The Price of Your Insurance Agency: Do the Math

Insurance agency owners who are considering selling their agency, are obviously very curious about the price they can sell their agency for.  It’s the single most asked question of Acquisition Brokers like Ganis Consulting, “How much can I make if I sell my agency?”  But those same owners also think they have a pretty good idea about their insurance agency’s value based on old concepts of multiplying the agency’s annual revenue by some number between 1 and 3.  We hear it all the time: “I think I can get one-and-a-half times”, or “I know someone who sold for two- times”, or “I only want one-times for my non-standard business but I should get three-times for my preferred commercial lines.” Sellers always try to calculate the value of their agency based on a multiple of revenue.  Unfortunately for them, Buyers never do.  It’s the great divide in insurance agency acquisitions and can be a significant hurdle in trying to bring Buyer and Seller together to complete a transaction. Buyers more typically calculate insurance agency value by using a multiple of the agency’s annual earnings, not the annual revenue.  And while Sellers frequently talk about 1-times and 2-times revenue multiples as the ideal price for their agency, Buyers keep their intentions about earnings multiples to themselves, not revealing what they are willing to pay for an agency until they have considered every possible factor.  Some of the dozens of factors Buyers use to determine that multiple include:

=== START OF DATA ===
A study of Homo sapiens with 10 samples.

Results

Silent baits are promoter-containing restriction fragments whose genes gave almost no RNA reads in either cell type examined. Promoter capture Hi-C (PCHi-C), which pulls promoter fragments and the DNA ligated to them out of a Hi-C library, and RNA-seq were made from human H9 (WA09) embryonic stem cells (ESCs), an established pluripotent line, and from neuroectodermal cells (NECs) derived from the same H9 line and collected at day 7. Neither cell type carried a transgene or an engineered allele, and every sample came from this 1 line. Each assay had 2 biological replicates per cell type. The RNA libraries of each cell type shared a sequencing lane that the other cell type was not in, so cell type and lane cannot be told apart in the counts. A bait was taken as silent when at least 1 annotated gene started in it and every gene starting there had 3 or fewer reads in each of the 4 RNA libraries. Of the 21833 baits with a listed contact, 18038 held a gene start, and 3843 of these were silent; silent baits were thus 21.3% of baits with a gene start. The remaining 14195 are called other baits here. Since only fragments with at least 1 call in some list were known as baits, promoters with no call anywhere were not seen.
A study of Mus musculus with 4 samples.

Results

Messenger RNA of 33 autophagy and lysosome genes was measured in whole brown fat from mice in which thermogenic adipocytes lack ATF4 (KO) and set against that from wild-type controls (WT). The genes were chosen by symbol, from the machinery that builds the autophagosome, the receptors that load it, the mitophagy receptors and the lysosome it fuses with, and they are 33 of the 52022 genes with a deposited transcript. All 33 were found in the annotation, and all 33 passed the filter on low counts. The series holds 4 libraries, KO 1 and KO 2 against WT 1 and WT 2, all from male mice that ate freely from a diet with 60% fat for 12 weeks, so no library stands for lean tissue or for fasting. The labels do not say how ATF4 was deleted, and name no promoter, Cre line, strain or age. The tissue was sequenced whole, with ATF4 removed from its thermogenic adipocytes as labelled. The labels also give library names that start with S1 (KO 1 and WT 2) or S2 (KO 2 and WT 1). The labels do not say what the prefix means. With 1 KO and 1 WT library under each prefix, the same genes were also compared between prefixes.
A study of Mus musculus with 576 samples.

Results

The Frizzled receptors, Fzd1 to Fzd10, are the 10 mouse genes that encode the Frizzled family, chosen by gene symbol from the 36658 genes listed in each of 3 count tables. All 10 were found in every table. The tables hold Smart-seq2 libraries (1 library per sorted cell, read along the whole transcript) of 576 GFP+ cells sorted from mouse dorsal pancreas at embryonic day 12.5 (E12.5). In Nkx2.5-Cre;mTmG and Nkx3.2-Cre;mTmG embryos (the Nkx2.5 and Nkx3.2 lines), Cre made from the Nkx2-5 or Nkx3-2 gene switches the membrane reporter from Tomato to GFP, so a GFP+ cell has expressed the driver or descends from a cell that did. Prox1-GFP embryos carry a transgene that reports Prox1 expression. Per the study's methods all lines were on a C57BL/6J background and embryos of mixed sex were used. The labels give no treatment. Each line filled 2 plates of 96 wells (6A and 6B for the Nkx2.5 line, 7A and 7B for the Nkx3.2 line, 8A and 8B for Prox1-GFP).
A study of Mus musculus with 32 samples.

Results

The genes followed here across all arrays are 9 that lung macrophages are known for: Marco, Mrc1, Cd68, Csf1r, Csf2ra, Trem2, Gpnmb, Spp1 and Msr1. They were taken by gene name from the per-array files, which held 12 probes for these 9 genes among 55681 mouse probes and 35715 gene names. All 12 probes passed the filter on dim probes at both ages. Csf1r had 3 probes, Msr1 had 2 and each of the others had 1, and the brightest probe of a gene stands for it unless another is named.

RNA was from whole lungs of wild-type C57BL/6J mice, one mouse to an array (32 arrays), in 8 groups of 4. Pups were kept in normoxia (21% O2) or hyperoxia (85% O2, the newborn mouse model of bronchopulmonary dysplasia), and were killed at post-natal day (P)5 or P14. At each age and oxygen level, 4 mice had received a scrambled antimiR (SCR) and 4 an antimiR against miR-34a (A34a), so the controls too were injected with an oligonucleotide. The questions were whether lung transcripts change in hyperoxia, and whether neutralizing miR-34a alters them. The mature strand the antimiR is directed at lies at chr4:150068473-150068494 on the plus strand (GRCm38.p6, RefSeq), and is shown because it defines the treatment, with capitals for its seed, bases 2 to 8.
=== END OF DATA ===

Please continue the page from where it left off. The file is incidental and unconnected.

• Non-Standard vs. Preferred Business
  • Direct vs. Agency Bill
  • Carrier Appointments and Concentration
  • Reputation of Agency
  • Quality of Staff
  • Deal Structure
Buyers are less concerned about gross revenue (the total commission income and fee income generated annually) and are more concerned about the agency’s earnings, sometimes referred to as “cash flow”, or “profit”, or “EBITDA” (Earnings Before Interest, Taxes, Depreciation and Amortization).  Earnings are simply the amount left over after all expenses are paid.  The simple arithmetic looks like this: REVENUE (Total of commission and fee income) – Expenses  (Less all operational, payroll, and selling expenses) EARNINGS Here is an example of how Sellers and Buyers could view the value of an insurance agency with $1 Million in Revenue and $700,000 in Expenses: REVENUE:   $1,000,000 Expenses:   – $   700,000 EARNINGS:  $   300,000 Seller:  “I want 1.5 times my revenue.”     Price = $1,000,000 x 1.5 = $1,500,000 Buyer:  “I will pay 5-times earnings”         Price = $   300,000 x 5    = $1,500,000 In this example, both Buyer and Seller reached the same sales price even though they wanted different things and used different calculation methods to get there.  This actually happens fairly often, but if Sellers and Buyers don’t understand each others’ pricing methods, the deal can get hung up on simple arithmetic.